As the Ganeśa Ratha is the most nearly finished of any, it may be as well to begin with it, though it would be rash to say it is in consequence, the earliest. It does seem probable however, that the masons would first select a suitable block among the many that exist, on the hill for an experiment, before attempting the much more serious undertaking of fashioning the southern ridge or group into the Rathas bearing the Pându names.

As will be seen from the annexed woodcut the Ganeśa Ratha is, though small, a singularly elegant little temple. In plan, its dimensions are 19 feet by 11 feet 3 inches, and its height 28 feet. It is in three storeys with ery elegant details, and of a form very common afterwards in Dravidian architecture for gopuras, or gateways, but seldom used for temples, properly so called, in the manner which we find employed in this instance.

The roof is a straight line; and was adorn at either end by a triśula ornament, and similar emblems adorned four at least of the dormer windows that cut into it. It is, however, no longer the triśula of the Buddhist, but an early form of the trident of Śiva, who is the god principally worshipped in this place. Between the tridents the ridge is ornamented with nine pinnacles in the form of vases which also continues to be the ornaments used in similar situations to the present day. The roof itself is pointed, both internally and externally, in a manner entirely suitable to the wooden construction from which it is copied. It is true that in most of the western caves the internal form of these roofs is of a circular section, but externally there always is and must have been a ridge, to throw off the rain water, so as to make the external form an ogee, and so it is always represented. In some instances, as the Son Bhandar cave at Râjgir (woodcut No.7) and at Sita Marhi (woodcut No. 11), the internal form was also pointed, and so I fancy it generally was in the wooden structures from which these Raths were copied.

Like all the many storeyed buildings of this class with which we are acquainted; this temple diminishes upwards in a pyramidal form, the offsets being marked by ranges of small simulated cells, such as no doubt existed in Buddhist viharas on a large scale, and were thus practically the cells in which the monks resided, or at least slept. In this instance they are more subdued than is usually the case, but throughout the whole range of Dravidian architecture, to the present day, they form the most universal and most characteristic feature of the style.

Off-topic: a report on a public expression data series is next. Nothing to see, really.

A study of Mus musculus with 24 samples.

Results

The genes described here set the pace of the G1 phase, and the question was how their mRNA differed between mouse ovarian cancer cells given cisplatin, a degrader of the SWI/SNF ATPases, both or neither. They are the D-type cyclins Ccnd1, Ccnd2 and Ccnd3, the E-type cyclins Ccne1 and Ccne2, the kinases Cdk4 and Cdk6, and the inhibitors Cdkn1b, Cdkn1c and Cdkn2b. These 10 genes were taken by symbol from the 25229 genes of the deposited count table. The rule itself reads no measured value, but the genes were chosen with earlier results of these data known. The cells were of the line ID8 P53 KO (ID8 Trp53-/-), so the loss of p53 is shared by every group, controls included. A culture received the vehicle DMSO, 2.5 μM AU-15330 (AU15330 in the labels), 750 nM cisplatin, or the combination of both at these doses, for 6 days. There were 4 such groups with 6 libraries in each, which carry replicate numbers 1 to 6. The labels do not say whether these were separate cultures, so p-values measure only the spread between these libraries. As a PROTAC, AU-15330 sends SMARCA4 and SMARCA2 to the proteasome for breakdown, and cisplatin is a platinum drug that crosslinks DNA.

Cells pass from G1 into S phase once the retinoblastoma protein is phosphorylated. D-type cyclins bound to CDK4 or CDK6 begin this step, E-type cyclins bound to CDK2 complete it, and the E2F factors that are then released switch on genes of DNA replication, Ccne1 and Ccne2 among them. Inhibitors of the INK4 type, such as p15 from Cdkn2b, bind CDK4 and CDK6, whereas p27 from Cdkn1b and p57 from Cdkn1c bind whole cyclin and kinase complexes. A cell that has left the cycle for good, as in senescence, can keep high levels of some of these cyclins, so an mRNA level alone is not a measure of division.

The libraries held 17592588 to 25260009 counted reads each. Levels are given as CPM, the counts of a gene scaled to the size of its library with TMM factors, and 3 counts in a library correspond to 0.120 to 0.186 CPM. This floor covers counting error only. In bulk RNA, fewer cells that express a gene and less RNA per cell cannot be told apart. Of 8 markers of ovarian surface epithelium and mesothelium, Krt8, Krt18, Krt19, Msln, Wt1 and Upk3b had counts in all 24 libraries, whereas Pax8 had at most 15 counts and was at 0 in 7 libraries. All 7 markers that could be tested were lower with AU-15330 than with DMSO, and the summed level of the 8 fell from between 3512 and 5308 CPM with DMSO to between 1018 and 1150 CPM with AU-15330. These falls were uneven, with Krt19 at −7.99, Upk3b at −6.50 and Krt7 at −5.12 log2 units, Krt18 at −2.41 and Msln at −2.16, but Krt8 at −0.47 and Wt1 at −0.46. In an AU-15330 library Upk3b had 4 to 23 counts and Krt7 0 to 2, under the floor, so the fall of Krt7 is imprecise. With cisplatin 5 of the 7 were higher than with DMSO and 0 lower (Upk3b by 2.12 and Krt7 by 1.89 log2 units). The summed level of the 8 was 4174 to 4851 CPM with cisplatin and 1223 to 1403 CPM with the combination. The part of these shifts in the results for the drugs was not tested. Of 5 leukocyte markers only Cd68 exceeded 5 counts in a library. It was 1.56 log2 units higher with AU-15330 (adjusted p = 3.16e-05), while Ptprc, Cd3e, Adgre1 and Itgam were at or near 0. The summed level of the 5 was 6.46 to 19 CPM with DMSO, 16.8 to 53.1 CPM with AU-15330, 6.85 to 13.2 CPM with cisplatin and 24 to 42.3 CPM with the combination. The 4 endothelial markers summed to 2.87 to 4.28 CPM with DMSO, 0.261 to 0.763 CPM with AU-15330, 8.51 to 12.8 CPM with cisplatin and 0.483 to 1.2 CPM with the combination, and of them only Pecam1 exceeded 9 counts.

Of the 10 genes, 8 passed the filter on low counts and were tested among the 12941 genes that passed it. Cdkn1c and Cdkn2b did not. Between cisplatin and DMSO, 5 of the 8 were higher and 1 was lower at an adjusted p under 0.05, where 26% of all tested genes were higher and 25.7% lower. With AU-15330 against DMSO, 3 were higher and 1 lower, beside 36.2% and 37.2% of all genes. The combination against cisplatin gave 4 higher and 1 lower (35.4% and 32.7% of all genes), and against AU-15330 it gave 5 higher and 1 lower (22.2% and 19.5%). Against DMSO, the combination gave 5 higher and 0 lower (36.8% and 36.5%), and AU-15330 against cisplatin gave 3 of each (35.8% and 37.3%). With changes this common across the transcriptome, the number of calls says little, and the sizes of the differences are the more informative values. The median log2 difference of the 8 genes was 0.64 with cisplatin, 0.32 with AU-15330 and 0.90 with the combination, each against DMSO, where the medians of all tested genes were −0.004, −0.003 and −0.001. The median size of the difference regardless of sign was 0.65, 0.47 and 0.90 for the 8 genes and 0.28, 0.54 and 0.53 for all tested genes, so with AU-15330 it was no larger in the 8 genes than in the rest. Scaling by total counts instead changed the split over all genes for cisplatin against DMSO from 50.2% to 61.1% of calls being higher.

The pillars in the porch of this temple are of a singularly elegant form, but so very little removed from their wooden prototypes as to be very unsuited for the position they here occupy in monolithic architecture. Their capitals, though much more slender, are of the Elephanta type, and their bases are formed by yalis or lions, which are clearly derived from some wooden originals, and are singularly unlike any lithic form (woodcut No. 29). They are, however, the most characteristic features of the architecture of the place, being almost universal at Mahâvallipur, but not found anywhere else, that I know of.

On each side of the entrance there is a dwârpâla or porter, and on the back wall of the verandah is an inscription in a long florid character. dedicated to Śiva, and stating that the work was executed by a king Jayarana Stamba1, but his name occurs nowhere else, and we can only guess his age from the form of the alphabet in which it is written, which, as before stated, is certainly not far removed from the year 700.

The image in the small shrine inside is not cut in the rock, but of a separate stone, and has been brought and placed there, instead of a lingam, which in all probability, originally occupied the sanctuary.

  • 1. Trans. R. A. S., vol. ii. p. 266, Plate 14, Carr. pp. 57 and 201.